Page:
UAE and India: The ties that bind


This move in itself is indicative of just how close UAE-India relations have become in the past few years, especially after Prime Minister Narendra Modi’s visit to the country in 2015. Another barometer of the two countries’ increasing alignment on several issues is the fact that this will be Shaikh Mohammad’s second visit to India in less than a year; he was there just last February.

It has been a long journey of steadily growing official ties, ever since the late Shaikh Zayed Bin Sultan Al Nahyan laid the foundations with his state visit to India in 1975. Relations between the two countries have now taken the shape of what has been termed a ‘comprehensive strategic partnership’. And this bodes well for the wider region, too, as one of the aims is to confront issues that afflict multiple states.

At least 2.6 million Indians call the UAE home, constituting, by far, the single biggest community in the country. For India, the UAE is its third-largest trading partner — behind only China and the United States, and ahead of Saudi Arabia, the region’s largest economy. For the UAE, India is its largest trading partner.

Trade between the two countries stood at $50 billion (Dh183.65 billion) in 2015, according to UAE ambassador to India Ahmad Al Banna. Indian exports of goods and commodities are expected to surge to $100 billion, and two-way trade exchange to $160 billion by 2030. This would make the UAE the largest-trade partner to India in the world — a far cry from 1971, when two-way trade was just $180 million.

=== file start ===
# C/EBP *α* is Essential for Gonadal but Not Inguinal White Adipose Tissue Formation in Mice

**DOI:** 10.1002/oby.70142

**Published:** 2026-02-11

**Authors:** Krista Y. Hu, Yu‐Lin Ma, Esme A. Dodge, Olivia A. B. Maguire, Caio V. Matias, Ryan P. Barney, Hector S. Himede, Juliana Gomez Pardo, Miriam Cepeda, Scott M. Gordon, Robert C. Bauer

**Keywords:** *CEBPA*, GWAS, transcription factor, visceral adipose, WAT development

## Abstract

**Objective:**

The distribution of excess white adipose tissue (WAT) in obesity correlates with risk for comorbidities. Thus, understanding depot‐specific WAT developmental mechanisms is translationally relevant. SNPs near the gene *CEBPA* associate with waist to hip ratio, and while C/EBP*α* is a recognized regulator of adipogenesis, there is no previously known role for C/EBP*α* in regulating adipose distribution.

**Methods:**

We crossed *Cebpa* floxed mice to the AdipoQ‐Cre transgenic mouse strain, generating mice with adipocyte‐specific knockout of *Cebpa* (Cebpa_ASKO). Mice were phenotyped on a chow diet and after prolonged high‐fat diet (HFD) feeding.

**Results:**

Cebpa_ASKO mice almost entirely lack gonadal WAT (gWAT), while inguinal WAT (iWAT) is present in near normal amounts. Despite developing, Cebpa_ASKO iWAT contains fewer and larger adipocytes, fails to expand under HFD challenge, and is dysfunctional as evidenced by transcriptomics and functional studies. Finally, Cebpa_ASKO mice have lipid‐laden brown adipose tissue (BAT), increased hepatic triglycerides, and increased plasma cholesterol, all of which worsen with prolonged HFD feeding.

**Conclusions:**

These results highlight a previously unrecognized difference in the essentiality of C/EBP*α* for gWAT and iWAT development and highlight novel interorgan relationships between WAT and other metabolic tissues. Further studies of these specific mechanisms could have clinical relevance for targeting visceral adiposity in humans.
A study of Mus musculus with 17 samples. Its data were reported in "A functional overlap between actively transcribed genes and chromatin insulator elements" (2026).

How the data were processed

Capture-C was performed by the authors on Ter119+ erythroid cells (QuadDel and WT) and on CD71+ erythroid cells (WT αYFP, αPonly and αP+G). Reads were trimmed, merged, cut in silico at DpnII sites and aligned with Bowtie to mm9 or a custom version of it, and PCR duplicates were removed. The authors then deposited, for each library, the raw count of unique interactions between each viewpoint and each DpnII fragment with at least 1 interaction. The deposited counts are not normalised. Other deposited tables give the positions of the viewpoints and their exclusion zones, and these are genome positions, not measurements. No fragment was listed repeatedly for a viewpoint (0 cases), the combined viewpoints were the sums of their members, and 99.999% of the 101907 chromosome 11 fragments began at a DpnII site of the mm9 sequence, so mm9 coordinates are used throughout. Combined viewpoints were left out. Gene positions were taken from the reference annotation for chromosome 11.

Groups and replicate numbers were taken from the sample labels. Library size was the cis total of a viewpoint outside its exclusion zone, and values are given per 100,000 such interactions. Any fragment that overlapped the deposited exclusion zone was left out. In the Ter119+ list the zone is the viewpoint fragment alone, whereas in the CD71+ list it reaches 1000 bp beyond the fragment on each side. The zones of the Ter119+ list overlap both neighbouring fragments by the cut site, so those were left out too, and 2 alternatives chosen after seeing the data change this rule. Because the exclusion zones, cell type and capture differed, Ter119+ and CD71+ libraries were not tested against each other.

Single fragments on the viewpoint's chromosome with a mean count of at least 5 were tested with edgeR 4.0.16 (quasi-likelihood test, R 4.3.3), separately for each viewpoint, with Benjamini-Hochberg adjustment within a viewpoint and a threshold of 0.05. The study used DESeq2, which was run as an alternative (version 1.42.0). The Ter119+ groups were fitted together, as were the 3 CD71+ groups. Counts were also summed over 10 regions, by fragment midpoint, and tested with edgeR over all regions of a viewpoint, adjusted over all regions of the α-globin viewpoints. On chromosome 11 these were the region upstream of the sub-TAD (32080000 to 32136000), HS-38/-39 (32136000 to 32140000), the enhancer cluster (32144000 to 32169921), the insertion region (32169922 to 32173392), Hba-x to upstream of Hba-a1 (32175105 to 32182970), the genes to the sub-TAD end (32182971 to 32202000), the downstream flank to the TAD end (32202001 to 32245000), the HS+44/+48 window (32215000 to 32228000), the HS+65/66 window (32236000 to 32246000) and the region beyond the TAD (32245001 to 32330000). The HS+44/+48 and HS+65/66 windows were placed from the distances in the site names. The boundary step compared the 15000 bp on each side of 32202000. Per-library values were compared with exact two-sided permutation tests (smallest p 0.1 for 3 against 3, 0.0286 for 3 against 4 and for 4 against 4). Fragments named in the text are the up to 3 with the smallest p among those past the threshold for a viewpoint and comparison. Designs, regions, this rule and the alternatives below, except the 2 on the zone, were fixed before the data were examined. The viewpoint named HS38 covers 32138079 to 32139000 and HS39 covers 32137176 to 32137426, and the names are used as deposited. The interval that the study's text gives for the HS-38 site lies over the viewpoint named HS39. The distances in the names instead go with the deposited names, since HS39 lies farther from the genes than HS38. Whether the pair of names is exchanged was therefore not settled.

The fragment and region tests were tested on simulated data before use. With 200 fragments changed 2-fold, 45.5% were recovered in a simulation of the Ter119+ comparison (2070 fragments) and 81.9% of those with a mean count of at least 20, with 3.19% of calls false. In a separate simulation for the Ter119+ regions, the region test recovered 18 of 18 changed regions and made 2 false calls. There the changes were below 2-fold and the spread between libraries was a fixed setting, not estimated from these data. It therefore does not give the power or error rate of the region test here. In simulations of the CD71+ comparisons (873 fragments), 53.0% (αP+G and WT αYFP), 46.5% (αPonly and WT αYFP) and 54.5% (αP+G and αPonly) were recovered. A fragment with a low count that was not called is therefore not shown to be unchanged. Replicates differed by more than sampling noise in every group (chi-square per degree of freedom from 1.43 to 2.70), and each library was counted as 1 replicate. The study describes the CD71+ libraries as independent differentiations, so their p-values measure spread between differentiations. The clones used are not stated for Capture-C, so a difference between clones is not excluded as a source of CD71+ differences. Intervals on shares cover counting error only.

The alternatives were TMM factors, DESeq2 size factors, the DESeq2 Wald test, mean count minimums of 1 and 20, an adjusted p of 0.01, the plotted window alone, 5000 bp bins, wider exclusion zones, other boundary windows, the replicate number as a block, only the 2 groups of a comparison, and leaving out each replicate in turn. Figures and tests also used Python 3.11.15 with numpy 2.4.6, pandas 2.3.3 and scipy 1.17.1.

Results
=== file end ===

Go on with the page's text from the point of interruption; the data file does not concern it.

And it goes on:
The UAE is also the biggest Arab investor in India, accounting for more than 80 per cent of investments from Arab countries. Many UAE companies, like Emaar Properties, Abu Dhabi Investment Authority, the Abu Dhabi National Energy Company (Taqa) and DP World have undertaken considerable projects and investments in the country, and have been operating there for a while. DP World, for instance, has invested billions and has become the largest container terminal operator in India.

The UAE has also decided to invest a whopping $75 billion in India’s infrastructure over the long term. This will be a massive boon to India, whose infrastructure has failed to keep up with the turbo-charged economic growth the country has experienced over the past 15 years.